Shares in UK banks and home builders rose as traders trimmed their bets on further rate hikes. The central bank held its key rate at 5.25%, ending a series of 14 successive hikes since December 2021, after a surprise drop in August inflation this week.

“Inflation has fallen a lot in recent months and we think it will continue to do so,” BOE Governor Andrew Bailey said in a written statement. “That’s welcome news. But there is no room for complacency. We need to be sure inflation returns to normal and we will continue to take the decisions necessary to do just that.”

Europe’s Stoxx 600 Index was down 1%, but off its lows for the session. US futures indicated more declines on Wall Street. Brent futures dropped for a third day in the longest losing run in almost a month. Treasury 10-year yields increased, while the dollar strengthened.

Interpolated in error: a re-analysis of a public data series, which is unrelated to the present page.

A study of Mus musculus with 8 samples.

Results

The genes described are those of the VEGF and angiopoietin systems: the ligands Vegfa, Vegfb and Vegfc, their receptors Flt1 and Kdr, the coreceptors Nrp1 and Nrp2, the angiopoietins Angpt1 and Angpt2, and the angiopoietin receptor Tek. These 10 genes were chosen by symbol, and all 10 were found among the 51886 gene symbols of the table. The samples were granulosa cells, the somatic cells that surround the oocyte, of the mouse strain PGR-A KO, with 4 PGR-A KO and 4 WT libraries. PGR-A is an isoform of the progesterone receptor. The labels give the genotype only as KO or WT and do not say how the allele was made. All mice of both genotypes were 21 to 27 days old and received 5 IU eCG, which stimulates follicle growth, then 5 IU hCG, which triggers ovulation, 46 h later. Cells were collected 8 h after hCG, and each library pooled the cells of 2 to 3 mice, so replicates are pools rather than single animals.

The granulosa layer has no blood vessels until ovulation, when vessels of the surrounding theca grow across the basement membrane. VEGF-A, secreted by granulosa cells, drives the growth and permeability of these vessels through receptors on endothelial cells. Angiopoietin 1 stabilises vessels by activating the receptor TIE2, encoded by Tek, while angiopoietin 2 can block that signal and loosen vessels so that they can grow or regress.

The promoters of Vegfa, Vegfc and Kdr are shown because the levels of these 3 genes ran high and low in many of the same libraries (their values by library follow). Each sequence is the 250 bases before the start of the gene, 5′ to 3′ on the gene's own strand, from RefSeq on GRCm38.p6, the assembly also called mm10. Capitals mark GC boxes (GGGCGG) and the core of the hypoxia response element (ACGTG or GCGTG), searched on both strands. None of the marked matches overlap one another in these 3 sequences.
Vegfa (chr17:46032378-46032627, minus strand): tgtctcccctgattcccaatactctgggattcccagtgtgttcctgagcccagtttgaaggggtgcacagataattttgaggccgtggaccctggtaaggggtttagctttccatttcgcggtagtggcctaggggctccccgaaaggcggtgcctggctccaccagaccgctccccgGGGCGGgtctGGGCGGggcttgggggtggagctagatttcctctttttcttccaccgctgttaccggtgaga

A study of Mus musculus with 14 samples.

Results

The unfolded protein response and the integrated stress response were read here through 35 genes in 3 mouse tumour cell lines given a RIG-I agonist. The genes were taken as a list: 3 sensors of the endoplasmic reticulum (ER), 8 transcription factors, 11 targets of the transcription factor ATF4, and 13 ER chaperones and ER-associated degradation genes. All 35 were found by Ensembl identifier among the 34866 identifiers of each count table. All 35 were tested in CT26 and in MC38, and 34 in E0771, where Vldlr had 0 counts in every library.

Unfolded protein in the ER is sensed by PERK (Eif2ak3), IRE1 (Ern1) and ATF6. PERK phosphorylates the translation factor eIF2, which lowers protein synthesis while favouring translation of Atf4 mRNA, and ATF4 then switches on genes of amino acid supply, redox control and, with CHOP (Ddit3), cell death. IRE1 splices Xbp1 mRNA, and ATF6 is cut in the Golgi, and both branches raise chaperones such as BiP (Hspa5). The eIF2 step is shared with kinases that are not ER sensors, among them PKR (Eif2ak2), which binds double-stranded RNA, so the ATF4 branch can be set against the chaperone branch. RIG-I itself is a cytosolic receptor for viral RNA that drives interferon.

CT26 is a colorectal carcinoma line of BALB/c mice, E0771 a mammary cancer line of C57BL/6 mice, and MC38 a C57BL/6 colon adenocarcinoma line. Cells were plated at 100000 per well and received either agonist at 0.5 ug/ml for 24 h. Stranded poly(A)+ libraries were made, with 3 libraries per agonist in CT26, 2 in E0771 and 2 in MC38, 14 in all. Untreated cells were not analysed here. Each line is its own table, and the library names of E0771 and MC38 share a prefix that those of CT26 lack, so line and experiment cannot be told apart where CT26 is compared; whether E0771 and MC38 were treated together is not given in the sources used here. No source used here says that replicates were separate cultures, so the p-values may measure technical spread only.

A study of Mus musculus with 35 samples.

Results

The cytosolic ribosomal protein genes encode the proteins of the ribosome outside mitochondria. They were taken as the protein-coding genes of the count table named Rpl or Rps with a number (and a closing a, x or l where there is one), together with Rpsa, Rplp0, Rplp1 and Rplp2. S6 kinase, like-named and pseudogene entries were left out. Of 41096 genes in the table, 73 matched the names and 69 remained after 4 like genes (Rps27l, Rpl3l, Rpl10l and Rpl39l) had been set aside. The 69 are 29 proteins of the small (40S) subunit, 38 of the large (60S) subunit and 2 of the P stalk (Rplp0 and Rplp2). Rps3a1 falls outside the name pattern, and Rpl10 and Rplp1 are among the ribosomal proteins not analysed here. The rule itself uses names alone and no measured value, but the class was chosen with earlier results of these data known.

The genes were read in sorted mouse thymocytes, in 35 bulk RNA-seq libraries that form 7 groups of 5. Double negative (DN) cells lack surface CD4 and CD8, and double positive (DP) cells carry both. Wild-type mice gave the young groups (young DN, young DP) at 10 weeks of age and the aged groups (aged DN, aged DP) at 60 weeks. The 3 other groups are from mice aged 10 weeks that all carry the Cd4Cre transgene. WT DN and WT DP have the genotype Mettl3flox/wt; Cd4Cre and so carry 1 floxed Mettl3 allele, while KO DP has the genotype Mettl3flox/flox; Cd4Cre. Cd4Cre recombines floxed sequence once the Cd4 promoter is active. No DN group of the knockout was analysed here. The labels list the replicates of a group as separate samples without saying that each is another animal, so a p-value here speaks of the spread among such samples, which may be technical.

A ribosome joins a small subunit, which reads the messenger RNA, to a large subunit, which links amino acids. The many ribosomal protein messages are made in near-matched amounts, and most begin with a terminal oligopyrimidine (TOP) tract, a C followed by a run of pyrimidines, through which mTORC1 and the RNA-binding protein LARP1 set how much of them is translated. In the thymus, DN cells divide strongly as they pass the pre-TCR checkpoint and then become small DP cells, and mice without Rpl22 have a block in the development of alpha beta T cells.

A day after the Federal Reserve’s meeting, Europe had its own frenetic flurry of central bank decisions. Before the BOE, Swiss National Bank surprised investors by holding interest rates, causing the franc’s steepest drop since May against the euro.

Sweden’s Riksbank increased its key rate as expected and said more hikes were possible, while Norway’s central bank said more tightening may come in December after raising rates to the highest in more than 14 years.

The Fed on Wednesday held its target range, while updated quarterly projections showed most officials favored another rate hike in 2023. Policymakers also see less easing next year, with the median forecast for the federal funds rate at 5.1% by year-end, up from 4.6% when projections were last updated in June.